Texas Tech hangs on, knocks out top seed Florida 3-2 at CWS
OMAHA, Neb. (AP) — When Florida’s Peter Alonso homered in the bottom of the ninth inning to pull the Gators within a run of Texas Tech, a familiar thought crossed Red Raiders coach Tim Tadlock’s mind.
“Where is Goose Gossage when you need him? Rollie Fingers, somebody?” Tadlock said, smiling.
No worries. Reliever Hayden Howard, backed by one of the nation’s best defenses, got the job done, and Texas Tech stayed alive in the College World Series with a 3-2 victory over the No. 1 national seed Tuesday.
For the Gators (52-16), it was a devastating and surprising ending to the season. They were heavy favorites to win their program’s first national championship, and they scored just three runs in 18 innings to become the first Southeastern Conference team since 2007 to go two-and-out.
“To look at two games we’ve lost, 2-1 and 3-2, and look at those guys in the locker room and think, ‘Boy, the season’s been a failure.’ If getting to Omaha’s a failure, then — I don’t look at it that way,” Florida coach Kevin O’Sullivan said. “Of course we’re disappointed, of course we want to stay here longer. But there are eight teams out of over 300 to get here. We’ve been here five out of the last seven, and we’ll be here again soon.”
Eric Gutierrez hit a two-run homer off Alex Faedo (13-3) in the fourth inning and Texas Tech (47-19) picked up a huge insurance run by way of two errors on the same play in the ninth while winning for the first time in four all-time CWS games.
The relief was palpable. On Saturday the Raiders lost 5-3 to TCU after leading by a run in the ninth. In 2014, they led TCU 2-1 in the eighth and lost 3-2 and were tied 1-1 in the ninth against Mississippi and lost 2-1.
“It’s not as easy here to get those last three outs,” Tadlock said.
Howard, who relieved Davis Martin (10-1) to start the eighth, got a pop out after Alonso’s homer, and the game ended when Jonathan India tried to stretch a single into a double and was thrown out by left fielder Tyler Neslony.
“The hustle play by Jon there at the end, I would say that’s what you need to do, 100 out of 100 times,” O’Sullivan said. “The left fielder just made a hell of a throw, and it was a perfect throw. That’s kind of maybe it’s a fitting way to end our season. It was a hustle play and it was an all-out play, and he tried to do everything he could to get to second base to get to scoring position to tie the ball game.”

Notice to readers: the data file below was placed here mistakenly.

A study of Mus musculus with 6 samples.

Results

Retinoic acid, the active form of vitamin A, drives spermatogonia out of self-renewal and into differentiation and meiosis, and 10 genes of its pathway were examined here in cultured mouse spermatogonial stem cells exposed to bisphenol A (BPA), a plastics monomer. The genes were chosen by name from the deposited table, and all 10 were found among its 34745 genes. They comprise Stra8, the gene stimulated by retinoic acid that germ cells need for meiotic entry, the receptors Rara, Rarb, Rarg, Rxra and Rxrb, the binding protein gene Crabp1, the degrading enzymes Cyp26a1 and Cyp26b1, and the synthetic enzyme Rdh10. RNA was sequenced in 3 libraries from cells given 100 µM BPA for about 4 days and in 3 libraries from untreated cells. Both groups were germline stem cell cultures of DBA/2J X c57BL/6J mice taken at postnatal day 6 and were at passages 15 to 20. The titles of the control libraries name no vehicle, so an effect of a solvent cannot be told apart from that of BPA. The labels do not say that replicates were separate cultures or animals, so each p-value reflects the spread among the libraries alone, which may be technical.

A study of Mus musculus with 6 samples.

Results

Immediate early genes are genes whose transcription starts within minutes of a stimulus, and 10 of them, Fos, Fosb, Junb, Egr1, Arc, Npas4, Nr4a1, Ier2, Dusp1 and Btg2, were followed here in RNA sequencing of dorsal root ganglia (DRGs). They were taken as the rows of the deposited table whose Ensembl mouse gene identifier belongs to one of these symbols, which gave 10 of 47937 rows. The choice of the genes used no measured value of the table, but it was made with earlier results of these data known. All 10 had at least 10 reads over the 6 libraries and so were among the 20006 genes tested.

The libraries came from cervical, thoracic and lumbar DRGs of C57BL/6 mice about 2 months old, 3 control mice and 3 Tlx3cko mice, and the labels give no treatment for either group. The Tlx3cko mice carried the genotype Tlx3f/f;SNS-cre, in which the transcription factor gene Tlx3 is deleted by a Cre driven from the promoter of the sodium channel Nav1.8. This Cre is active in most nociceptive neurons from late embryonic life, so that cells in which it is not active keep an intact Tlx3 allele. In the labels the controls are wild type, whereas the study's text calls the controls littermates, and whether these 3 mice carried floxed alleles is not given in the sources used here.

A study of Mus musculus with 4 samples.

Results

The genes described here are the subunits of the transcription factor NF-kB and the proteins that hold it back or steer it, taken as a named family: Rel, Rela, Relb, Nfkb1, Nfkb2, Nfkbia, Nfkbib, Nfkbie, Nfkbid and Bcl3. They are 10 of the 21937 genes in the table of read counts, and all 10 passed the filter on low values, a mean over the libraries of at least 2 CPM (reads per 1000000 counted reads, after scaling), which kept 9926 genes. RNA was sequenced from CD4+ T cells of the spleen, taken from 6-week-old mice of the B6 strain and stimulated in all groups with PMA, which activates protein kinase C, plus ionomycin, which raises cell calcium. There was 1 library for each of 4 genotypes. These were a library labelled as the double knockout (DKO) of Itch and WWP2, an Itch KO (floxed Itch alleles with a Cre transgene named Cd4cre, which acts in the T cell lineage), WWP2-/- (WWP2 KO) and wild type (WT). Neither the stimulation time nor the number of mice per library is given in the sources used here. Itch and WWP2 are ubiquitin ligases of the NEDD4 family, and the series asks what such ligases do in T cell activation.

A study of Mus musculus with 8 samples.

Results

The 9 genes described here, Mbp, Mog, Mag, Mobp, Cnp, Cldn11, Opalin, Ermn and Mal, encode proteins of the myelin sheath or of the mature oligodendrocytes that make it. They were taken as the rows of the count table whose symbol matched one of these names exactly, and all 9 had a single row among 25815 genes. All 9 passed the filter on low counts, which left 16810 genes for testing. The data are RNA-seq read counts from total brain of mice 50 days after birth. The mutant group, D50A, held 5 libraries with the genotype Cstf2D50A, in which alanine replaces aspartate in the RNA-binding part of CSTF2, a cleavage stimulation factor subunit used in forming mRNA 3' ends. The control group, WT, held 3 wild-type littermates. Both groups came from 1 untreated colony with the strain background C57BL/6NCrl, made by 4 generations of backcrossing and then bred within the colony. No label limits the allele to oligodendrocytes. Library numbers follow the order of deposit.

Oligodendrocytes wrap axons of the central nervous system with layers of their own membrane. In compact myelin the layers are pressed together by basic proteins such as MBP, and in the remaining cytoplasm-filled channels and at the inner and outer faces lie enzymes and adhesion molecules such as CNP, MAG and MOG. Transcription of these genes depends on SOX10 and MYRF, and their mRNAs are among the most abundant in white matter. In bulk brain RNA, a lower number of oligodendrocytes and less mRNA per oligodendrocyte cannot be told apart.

In a CWS where runs have been at a premium, Texas Tech’s biggest came on botched infield play by the Gators in the top of the ninth. Neslony scored from first after third baseman India threw in the dirt trying to get Gutierrez at first. Alonso, the first baseman, bounced a throw past third trying to get Neslony, allowing him to go home.
Florida, which didn’t have a runner reach second base until the fifth inning, had the bases loaded with one out in the sixth but couldn’t push across a run.
JJ Schwarz, who had a 3-0 count go full, tapped a comebacker to Martin, who went home with the ball. Catcher Tyler Floyd then threw to first, hitting Schwarz on the arm. Schwarz, running just inside the base line, was called out for interference. That double play, the Raiders’ third of the game, might have been the biggest of their nation-leading 81 this season.
ALWAYS NEXT YEAR
Florida came to Omaha with seven of the top 108 drafted players and with extremely high expectations. It turned out to be maybe the most disappointing of the Gators’ 10 CWS appearances. They scored just three runs in 18 innings and are now 14-21 all-time here. Last year the Gators lost two one-run games to Virginia, with the second one denying them entry to the finals.
“I know a lot of us put our heart and soul into every pitch,” Alonso said. “It was the goal to win a national championship, and it feels terrible.”
Texas Tech will play a Thursday elimination game against Coastal Carolina. Florida’s season is over.